Korean MMORPG Culture: A Lecture By Leo Sang-Min Whang

When I was plunking around for a link to Cory Doctorow’s wonderful story “Anda’s Game”, I found (on this page) an interesting link to the State of Play 2 conference and a very interesting talk by professor Leo Sang-Min Whang about the Korea-specific experience of gaming in MMORPGs (Massive Multiplayer Online Role Playing Games). His area of focus in study is comparing East Asian countries in gaming

Some of the interesting points he raised include:

  • Unlike with young people Japan (and, Whang suggests, in other parts of Asia), cosplay (public displays performed by individuals who are dressed up as video-game of manga characters) is relatively rare in Korea, even in Seoul, despite the tendency for Korean youth culture to include imported Japanese youth-culture; Whang seems to suggest that interest in real-life cosplay/roleplay is inversely proportionate to interest in online gaming, or rather that cyberworld experiences serve the same function as cosplay experiences.
  • The conservative parental and teachers’ organizations who condemn games because they’re not “studying”; he amusingly contrasts addictions to books, versus addictions to online gaming.
  • In Korea and Taiwan, participation is highly concentrated in a few specific games (such as the game of this professor’s focus, Lineage, which apparently had only 200,000 players in Japan but close to three million in Korea).
  • Korean MMORPG players tend to have lower rates of participation in clan-type groups or organizations in-game.
  • Korean gaming worlds tend to have more strongly codified causes or goals linked to membership in an in-game clan group; ths is reflected in the way that in-game clans have much more clearly defined hierarchical norms among Korean players than among Japanese players.
  • Korean games tend to have gamers on average four years younger than Japanes gamers, but Korean gamers tend to have spent much more time in-game than the Japanese. Korean and Japanese teenagers are spending about 4 hours a day, and you can guess what the effect it has on their grades. Korean gamers in their 20s play longer than Japanese players, but as they age, Japanese play for longer periods.
  • Korean MMORPG culture has been developing for a longer time than in Japan or other Asian countries.
  • As of 2001, MMORPG participation was overwhelmingly male-dominated in both Japan and Asia, but it was far more male-dominated in Korea than in Japan, to the order of a 10% difference (95% male players in Japan, 85% male players). However, in both societies, in-game characters were about 35% female; therefore, many more male players in Korea opted to run female characters.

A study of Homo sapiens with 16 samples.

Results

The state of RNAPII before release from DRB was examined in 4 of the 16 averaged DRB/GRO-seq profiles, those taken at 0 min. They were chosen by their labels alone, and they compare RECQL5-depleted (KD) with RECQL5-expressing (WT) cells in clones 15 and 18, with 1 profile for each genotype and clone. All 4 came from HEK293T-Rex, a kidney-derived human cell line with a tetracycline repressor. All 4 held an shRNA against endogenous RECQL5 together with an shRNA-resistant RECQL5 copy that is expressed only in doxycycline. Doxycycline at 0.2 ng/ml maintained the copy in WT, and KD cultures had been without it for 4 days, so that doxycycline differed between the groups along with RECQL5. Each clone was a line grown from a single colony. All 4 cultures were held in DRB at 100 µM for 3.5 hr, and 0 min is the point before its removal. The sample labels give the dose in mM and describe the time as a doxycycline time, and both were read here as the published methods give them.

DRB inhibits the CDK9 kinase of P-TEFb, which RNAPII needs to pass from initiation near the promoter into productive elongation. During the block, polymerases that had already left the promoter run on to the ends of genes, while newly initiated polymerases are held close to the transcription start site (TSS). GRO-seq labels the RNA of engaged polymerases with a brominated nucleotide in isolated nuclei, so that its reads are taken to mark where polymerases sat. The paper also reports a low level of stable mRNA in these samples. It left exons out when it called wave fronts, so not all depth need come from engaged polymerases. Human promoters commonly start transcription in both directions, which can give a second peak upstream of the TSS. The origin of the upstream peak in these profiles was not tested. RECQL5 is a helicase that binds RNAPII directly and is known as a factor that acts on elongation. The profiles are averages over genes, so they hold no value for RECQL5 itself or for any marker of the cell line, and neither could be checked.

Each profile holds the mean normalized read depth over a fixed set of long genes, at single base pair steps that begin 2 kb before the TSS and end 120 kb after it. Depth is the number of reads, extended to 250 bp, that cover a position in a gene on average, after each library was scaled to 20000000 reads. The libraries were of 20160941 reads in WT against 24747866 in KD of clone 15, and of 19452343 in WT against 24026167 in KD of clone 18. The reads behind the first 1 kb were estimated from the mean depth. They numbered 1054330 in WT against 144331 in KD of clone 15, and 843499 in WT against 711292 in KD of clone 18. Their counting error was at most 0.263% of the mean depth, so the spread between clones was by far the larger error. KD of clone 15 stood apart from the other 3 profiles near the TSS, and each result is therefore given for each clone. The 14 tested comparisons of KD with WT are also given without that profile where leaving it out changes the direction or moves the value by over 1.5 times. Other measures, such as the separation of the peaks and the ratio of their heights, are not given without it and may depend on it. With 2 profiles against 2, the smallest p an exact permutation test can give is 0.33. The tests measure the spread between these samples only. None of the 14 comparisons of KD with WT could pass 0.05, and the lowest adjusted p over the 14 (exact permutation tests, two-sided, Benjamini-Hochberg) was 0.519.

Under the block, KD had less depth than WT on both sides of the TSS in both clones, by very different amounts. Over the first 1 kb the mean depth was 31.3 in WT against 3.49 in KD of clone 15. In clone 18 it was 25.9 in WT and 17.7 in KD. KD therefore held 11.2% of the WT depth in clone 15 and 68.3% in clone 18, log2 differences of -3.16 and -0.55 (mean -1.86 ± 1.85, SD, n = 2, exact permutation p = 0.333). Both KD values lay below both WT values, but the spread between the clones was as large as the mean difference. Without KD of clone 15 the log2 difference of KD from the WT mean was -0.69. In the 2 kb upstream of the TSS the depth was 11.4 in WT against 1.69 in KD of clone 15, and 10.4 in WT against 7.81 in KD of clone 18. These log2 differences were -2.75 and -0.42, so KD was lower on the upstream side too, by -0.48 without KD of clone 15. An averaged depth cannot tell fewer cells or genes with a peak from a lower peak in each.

• Explaining the popularity of MMORPGs using the advanced nature of broadband and Internet cafes availability in in Korea is erroneous, since Taiwan boasts almost as much popularity through broadband lags behind and Internet cafes are less numerous there.

Mind you, all of this is really a few years out of date, with all the data being from 2001. But it’s still fascinating… but I will say that the rare times I visit a PC-Bang, it’s mainly men playing

If you’d like to see the video, which is quite fascinating for anyone with an interest in Korean youth culture, you can take a look here. Any further thoughts on the differences between Korean and other Asian experiences of MMORPGs would be appreciated, dear readers, if any still remain after my long posting drought.

5 thoughts on “Korean MMORPG Culture: A Lecture By Leo Sang-Min Whang

  1. Oh, yeah, well, I have a blocker thanks to a certain troll problem from way back. But I’ll go find it now… it’s hopefully saved up in the “blocked comments” log…

  2. Nope, it’s not in there. Any ideas what would have been flagged as questionable? Usually the comments with too many links get flagged but held in the database for approval. If you still have a copy, email it and I’ll append it above. (Or, if you wish to write it again.)

  3. There were no links in my comment, it was just one line about how I must be getting old because I’d never heard of this kind of gaming… must be a bug in the software or something.

  4. Hmmm. Weird.

    It might not be an issue of age, though. The professor who talked about it was no spring chicken either! I think it may be exposure to youth culture, or maybe even just exposure to certain regional youth cultures, that lets one know about such things.

    I don’t really play these kinds of games, but I have noticed other people into them, and an online acquanitance has a blog all about this kind of game and game-development. To me it seems just an outgrowth of all those “chat” places people used to (? maybe they still do?) frequent when people started to get common access to the Net. This is just that, with a focus and goals and graphics and so on.